Two additional Ai Weiwei exhibits can currently be seen in Chelsea at the Mary Boone and Lisson galleries, both on West 24th Street.
Roots and Branches, at Mary Boone features Tree, a 25-foot-high tree Frankensteined together from sections of multiple dead trees collected from mountains in Southern China. The various tree parts were bolted together to create one massive tree complete with twisted roots and sprawling branches. The imposing piece is displayed before a wall covered in wallpaper specially designed by the artist.
According to the exhibit’s press release, Tree is a “totem that may be seen as a comment on the strength of modern China built from many ancient ethnic groups, or a determined attempt to create something new and vital from what is irrevocably lost.” The show also includes Treasure Box, a large-scale puzzle-box made from ancient reclaimed huali wood, as well as portraits of Ai composed in LEGOs, including a reproduction of his triptych Dropping a Han Dynasty Urn.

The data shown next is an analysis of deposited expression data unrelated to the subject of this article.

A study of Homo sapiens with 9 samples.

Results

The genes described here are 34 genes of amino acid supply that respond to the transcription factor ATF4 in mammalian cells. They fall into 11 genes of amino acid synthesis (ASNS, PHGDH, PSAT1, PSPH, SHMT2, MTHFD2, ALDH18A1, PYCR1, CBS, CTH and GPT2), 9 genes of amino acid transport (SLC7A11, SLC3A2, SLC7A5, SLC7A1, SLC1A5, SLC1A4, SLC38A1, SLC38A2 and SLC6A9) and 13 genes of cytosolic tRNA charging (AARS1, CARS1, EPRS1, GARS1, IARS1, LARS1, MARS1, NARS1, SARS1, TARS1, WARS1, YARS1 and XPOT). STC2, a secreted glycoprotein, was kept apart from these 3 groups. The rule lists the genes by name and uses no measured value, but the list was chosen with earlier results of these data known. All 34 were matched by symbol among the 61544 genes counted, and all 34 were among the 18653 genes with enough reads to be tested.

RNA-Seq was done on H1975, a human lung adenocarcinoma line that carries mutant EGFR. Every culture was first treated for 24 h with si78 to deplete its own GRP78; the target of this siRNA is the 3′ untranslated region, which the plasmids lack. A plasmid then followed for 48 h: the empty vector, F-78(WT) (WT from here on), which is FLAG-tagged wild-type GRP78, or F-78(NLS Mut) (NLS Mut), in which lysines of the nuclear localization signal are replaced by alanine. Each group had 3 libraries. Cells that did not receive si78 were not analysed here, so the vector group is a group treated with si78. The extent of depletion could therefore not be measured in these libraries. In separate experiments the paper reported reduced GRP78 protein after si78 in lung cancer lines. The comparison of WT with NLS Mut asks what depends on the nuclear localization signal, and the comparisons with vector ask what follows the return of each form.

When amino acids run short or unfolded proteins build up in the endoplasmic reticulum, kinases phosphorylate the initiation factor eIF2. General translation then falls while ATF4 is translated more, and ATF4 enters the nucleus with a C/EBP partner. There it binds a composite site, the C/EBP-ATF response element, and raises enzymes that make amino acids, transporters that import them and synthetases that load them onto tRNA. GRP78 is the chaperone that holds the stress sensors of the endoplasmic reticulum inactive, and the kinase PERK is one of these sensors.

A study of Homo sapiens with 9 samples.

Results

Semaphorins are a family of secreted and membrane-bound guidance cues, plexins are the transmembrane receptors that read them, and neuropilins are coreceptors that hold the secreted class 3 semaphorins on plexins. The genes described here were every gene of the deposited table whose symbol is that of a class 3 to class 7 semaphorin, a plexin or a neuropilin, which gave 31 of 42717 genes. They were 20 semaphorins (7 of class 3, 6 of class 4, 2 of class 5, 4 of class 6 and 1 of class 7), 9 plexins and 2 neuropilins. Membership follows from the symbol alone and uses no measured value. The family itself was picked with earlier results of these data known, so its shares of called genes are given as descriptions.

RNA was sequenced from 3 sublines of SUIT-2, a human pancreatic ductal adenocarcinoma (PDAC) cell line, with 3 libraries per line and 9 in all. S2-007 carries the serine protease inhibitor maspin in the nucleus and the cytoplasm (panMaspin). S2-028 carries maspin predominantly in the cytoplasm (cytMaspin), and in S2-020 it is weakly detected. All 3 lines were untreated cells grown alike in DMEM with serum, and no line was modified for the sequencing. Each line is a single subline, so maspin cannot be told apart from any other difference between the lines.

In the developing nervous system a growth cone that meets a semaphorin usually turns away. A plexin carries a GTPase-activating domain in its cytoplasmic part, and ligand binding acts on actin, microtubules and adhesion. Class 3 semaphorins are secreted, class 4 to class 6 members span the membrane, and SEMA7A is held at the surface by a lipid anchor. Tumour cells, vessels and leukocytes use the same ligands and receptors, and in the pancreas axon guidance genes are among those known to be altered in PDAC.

Roots and Branches continues at Lisson Gallery where cast-iron tree trunks and iron root sculptures “create a forest of displaced objects and reveal the artist’s interest in tradition and contemporaneity as well as the prevalence of displacement in post-modern societies.” This theme directly relates to Ai’s exhaustive work in Laundromat which focuses on the global refugee crisis (see my previous post) and the current displacement of millions of individuals around the world.
Learn more about Ai Weiwei 2016: Roots and Branches at maryboonegallery.com and lissongallery.com. Both exhibitions are on view through December 23, 2016.
Mary Boone Gallery’s uptown location at 745 Fifth Avenue is showing a fourth concurrent Ai Weiwei exhibit through December 23rd. Learn more about it here.